Last Friday we put version 1.2.2 of Clash on GitHub, uploaded a source release on Hackage and a binary release on Snapcraft. In big part thanks to our lovely community, we’ve found and fixed many bugs. Thanks to some patches, Clash even runs anywhere from 2-20% faster for some common design patterns! Of course, the full list of changes can be found in the CHANGELOG over at GitHub. With this blogpost we’d like to highlight some of the progress we’ve made since the 1.2 release, and elaborate on our future plans.
With the release of Clash 1.2.2 we’ve also released the first iteration of our starter project! The goal of this starter project is to provide a fresh template for a new Clash project. Dependencies can now be added exactly like you would for a Haskell project; simply by adding it to your dependency list in the project’s cabal file. Whereas previously you’d have to write custom scripts, or rely on nix to solve it for you!
Memory leak begone
For a while now we’ve seen pretty bad memory leaks during simulation in commercial deployments of Clash, but haven’t been able to replicate this in a small example. Through various workarounds we’ve been able to reduce the memory usage to make it usable on “reasonable” hardware and moved on to other, by that time higher priority, issues. We were recently confronted with this issue again, reported on our public issue tracker. This time it even had a small example! Time to investigate.
Clash designs operate on infinite streams of data called signals. Signals model (bundles of) wires, where each value corresponds to a stabilized signal at the end of a clock cycle. Signals do not always carry known values. For example, in some hardware configurations the very first value produced by a memory element is unknown. For this purpose, Clash exports an exception-throwing “unknown” value called XException. This presents a problem: for performance reasons you might want to evaluate a value to Weak Head Normal Form (WHNF) or even Normal Form (NF). Usually, you’d use
deepseq to do this, but for typical values used in Clash you can’t, as evaluating an
XException to (WH)NF would stop your circuit’s simulation dead in its tracks! To work around this, Clash 1.0 introduced a type class NFDataX. It allows us to use variants of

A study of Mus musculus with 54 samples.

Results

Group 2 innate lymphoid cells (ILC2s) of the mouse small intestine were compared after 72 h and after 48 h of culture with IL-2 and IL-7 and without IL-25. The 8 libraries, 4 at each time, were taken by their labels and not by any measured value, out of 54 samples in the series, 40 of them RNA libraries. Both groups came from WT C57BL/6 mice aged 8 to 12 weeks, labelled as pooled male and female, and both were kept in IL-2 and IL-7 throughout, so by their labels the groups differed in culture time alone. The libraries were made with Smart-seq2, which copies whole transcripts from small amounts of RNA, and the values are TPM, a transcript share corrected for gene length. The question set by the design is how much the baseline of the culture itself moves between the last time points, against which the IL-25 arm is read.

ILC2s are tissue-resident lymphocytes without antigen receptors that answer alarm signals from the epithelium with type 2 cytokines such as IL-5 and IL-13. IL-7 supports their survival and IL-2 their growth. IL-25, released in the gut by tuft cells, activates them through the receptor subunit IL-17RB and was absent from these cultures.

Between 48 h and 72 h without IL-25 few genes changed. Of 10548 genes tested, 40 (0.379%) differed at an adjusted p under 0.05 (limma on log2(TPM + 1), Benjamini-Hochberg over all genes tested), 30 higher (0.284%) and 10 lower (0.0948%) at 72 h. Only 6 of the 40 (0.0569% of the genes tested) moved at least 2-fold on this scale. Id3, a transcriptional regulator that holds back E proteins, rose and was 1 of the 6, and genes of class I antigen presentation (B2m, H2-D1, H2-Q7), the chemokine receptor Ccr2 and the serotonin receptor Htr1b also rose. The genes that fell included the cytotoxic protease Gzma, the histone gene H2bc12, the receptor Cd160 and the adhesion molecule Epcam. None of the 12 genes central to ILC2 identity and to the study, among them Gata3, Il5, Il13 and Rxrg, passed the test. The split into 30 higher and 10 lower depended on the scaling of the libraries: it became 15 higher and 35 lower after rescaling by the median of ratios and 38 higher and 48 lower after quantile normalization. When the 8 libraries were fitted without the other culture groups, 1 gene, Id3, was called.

deepseq that simply ignore
XExceptions, but otherwise do what you expect them to do. Where you’d normally write:
a `seq` b
you’d write the following instead:
a `seqX` b
A very typical pattern in memory primitives is to (indirectly) use these functions using defaultSeqX like:
a `defaultSeqX` a :- as
The purpose of this expression is to force a (WH)NF evaluation of
a before being able to observe the spine of the signal. I.e., evaluate a value at time t if you want to observe the value at t+1. This solves the same problem as the one described under building up unevaluated expressions at the Haskell wiki. It turns out that this expression was parsed as:
(a `defaultSeqX` a) :- as
instead of what we actually wanted and expected:
a `defaultSeqX` (a :- as)
We’ve since added
infixr 0 `defaultSeqX` . The expression now parses as expected and we’ve observed that this fixes the memory issues our clients were seeing! It turns out that
deepseq has exactly the same problem, for which we’ve submitted a patch.
In short, huge thanks to Dr. Gergő Érdi who pushed us to get to the bottom of the issue and release a fix for it 🎉.
Plans for 1.4
The next major relase of Clash will be 1.4. Two major additions are in the pipeline:
Ground work for a Partial Evaluator. Clash currently uses a transformation based rewrite system to translate Haskell into synthesizable circuits. This transformation system was originally written to make all terms in GHC’s/Clash’s Core IR completely monomorphic and first-order. Bit by bit, more and more transformations were added: removing case statements based on a known subject, unrolling primitive definitions, removing lambdas by propagating their arguments, and many more. As the number of transformations grew, so did the complexity and unpredictability. In fact, we’re currently seeing issues that are very hard to solve within a transformation based system.
Luckily, many of these transformations are basically trying to do one thing: evaluate a Haskell core expression. By building a partial evaluator, we hope to greatly reduce the complexity of Clash. We believe this should, when fully implemented, improve synthesis times by at least an order of magnitude. We don’t expect it to be fully implemented before Clash 1.6 however.
Shake rules for Clash. Clash is often but a small part in a great toolchain needed to get hardware running. The experience can often lead to a frustrating rabbit hole of TCL scripts - if automated at all. By publishing a “blessed” package containing Shake integration we hope to consolidate community effort, and be able to build support for a large number of toolchains. We’ll be basing this off of Dr. Gergő Érdi’s work over at github.com/gergoerdi/clash-shake.
Many thanks to our lovely community once again, and happy Clashing!